Have you ever asked yourself, “What am I trying to say here?” or, “Why do I sound like I’m making my case to a courtroom judge? This is my partner (or friend)!” A small sense of discomfort and being out-of-joint with yourself may be telling you to pause and reflect. It is worthwhile to do so because effective communication begins with self-awareness.
Differentiation is more than a marketing term about finding your value as compared to competitors in the field. In psychology, this refers to your sense of self-knowing your perspective, thoughts, values, feelings, and desires. It also means articulating your thoughts and emotional needs in a way that is congruent, exposing who you truly are.
The next level of differentiation is developing awareness of your partner as separate and different. Building on this, one can cultivate the ability to listen, hear, and respond effectively to differences. Yet another level of differentiation is creating an environment in the relationship that supports desired changes.
You may have heard it said, “How are they supposed to know what you need when you don’t know what you need?” Well, this is an oversimplification—while the responsibility for your feelings ultimately resides with you, sometimes it is exactly by talking through our feelings and perceptions that we uncover what is needed. And it may not result in a conclusion that you need this from your partner. To treat communication as a declaration of truth shrinks the conversation space and misses out on the potential for good dialogue to illuminate information and experiences that would otherwise go unnoticed. In other words, it is OK to learn new things about yourself and for yourself with your partner.
What is not as helpful is to try and impose personal feelings and interpretations on someone else. Stay on your side of the net; express “I” statements about how the situation or dialogue is feeling to you, what you think is important about it, why you want to talk about it—your main intention for having the dialogue. Refrain from “you” statements where you tell your partner what their thoughts, feelings, and truths are or blaming them for your differences.
Then ask open-ended questions: “Who does this happen with?” “What are you feeling when it happens?” “Where in our relationship did this start to be an issue?” “How do you respond when this is going on?” Questions that can be answered with “yes” or “no” are often leading and laced with our personal agenda about what is true.
Some of us grow up in “enmeshed” families—where there is a lot said and yet very little understood or changed about the issue. Stressed-out families may get polarized and have family members stuck in a role: the authority, the rebel, the hero. Try writing down the typical responses of each of these characters. For example: “I know what is best,” “Anything but the way it was last time,” or, “We just have to work harder.” Now exchange scripts. Try on a new role! You might be amazed by how right you feel after a while, voicing the other perspective from where you have been standing.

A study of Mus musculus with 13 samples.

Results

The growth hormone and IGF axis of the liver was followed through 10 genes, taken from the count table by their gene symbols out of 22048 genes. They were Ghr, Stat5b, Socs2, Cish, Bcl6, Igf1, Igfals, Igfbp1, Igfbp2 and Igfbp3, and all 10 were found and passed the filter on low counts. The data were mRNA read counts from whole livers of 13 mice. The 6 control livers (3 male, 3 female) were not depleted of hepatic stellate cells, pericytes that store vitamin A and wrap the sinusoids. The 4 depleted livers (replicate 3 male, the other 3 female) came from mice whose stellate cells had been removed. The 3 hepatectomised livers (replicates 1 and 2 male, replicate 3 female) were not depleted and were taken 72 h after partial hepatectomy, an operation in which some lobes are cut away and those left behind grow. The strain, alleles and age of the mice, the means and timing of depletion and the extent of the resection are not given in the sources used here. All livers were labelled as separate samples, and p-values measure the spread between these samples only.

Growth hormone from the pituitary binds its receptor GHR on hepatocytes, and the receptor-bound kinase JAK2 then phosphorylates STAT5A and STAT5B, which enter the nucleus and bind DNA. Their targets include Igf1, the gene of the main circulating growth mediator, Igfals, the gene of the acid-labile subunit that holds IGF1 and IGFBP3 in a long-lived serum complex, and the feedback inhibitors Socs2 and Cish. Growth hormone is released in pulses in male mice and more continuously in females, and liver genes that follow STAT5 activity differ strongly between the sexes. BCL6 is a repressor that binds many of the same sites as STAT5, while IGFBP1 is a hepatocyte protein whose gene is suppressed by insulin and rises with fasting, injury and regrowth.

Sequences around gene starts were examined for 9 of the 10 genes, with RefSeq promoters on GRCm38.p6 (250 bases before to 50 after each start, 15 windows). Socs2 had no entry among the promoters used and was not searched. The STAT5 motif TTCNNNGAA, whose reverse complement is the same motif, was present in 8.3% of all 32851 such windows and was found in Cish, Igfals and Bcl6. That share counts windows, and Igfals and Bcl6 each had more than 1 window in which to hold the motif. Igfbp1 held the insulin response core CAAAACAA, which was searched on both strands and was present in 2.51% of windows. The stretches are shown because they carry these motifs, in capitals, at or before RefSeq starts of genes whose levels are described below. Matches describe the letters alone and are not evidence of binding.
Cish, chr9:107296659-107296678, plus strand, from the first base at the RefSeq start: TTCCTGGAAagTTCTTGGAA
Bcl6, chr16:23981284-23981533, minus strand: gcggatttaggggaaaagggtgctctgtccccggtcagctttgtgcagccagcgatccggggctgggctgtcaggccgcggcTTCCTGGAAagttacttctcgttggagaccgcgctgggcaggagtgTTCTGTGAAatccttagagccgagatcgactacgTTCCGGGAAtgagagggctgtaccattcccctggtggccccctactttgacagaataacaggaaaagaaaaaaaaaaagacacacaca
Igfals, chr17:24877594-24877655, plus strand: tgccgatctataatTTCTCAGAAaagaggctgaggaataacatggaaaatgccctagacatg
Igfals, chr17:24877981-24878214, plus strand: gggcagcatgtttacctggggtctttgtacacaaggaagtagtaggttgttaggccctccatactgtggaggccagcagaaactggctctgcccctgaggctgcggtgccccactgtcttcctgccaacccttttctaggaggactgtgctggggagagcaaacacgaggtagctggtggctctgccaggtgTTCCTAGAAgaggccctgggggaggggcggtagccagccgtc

Why is this? Typically, there is some truth to each side of a situation and each person ends up standing for an aspect of the truth, rather than holding the complexities and trade-offs within and together. This can lead to antagonistic, stuck interchanges that ultimately preserve the status quo. Yet when we can engage in perspective-taking through careful dialogue and appreciation of difference, something new may emerge—a creative, third, or heretofore unknown point of view.
Imagine you had to describe your partner’s/friend’s/coworker’s inner experience so well that a stranger would know what it is like to be that person in the difficult situation. If you cannot make this complete description, painting a picture of facts and emotions and thoughts and concerns like a professional journalist would, then you have not asked all the questions that need to be asked.
For a moment, set your agenda aside and get curious. What if I were that person? What would it feel like? What would I think? What would I want to know? What would my dream outcome be? Now, this is not to mean that you drop yourself; rather, that you go to the other side of the mirror for a minute and know what it is like. When two people have this level of understanding, there is often more common ground than they originally thought when the difference arose.
Together, between the two of you, try to keep all of the intelligence and information with you as you think about your difference. Understand the dreams, the symbolic meaning underneath the issue for one another. Then, you may find your way to a solution that will last.
Murray Bowen, professor of psychiatry at Georgetown University and pioneer in family systems theory, defined differentiation as “the degree of resilience to the interpersonal contagion of anxiety.” Developing this resilience can be a lifelong process of growth, and it creates many benefits for us as individuals, family members, and partners. We become more confident in ourselves—without becoming rigid—and more able to handle stress together as a team. It may feel awkward to hold differences in this way, but it pays dividends in how rich and robust our lives and relationships can become as we continue to grow.
How does good dialogue and communication feel to you? What are your effective behaviors when this is happening? What qualities and attitudes are helpful? Please share your questions and comments below.
- Bowen, M. (1978). Family therapy in clinical practice. New York: Aronson.
- Bader, E. (n.d.). Utilize the initiator-inquirer process in couples therapy. The Couples Institute. Retrieved from http://www.couplesinstitute.com/utilize-the-initiator-inquirer-process-in-couples-therapy
- Levine, A., & Heller, R. (2010). Attached: The new science of adult attachment and how it can help you find—and keep—love. New York: Penguin Group.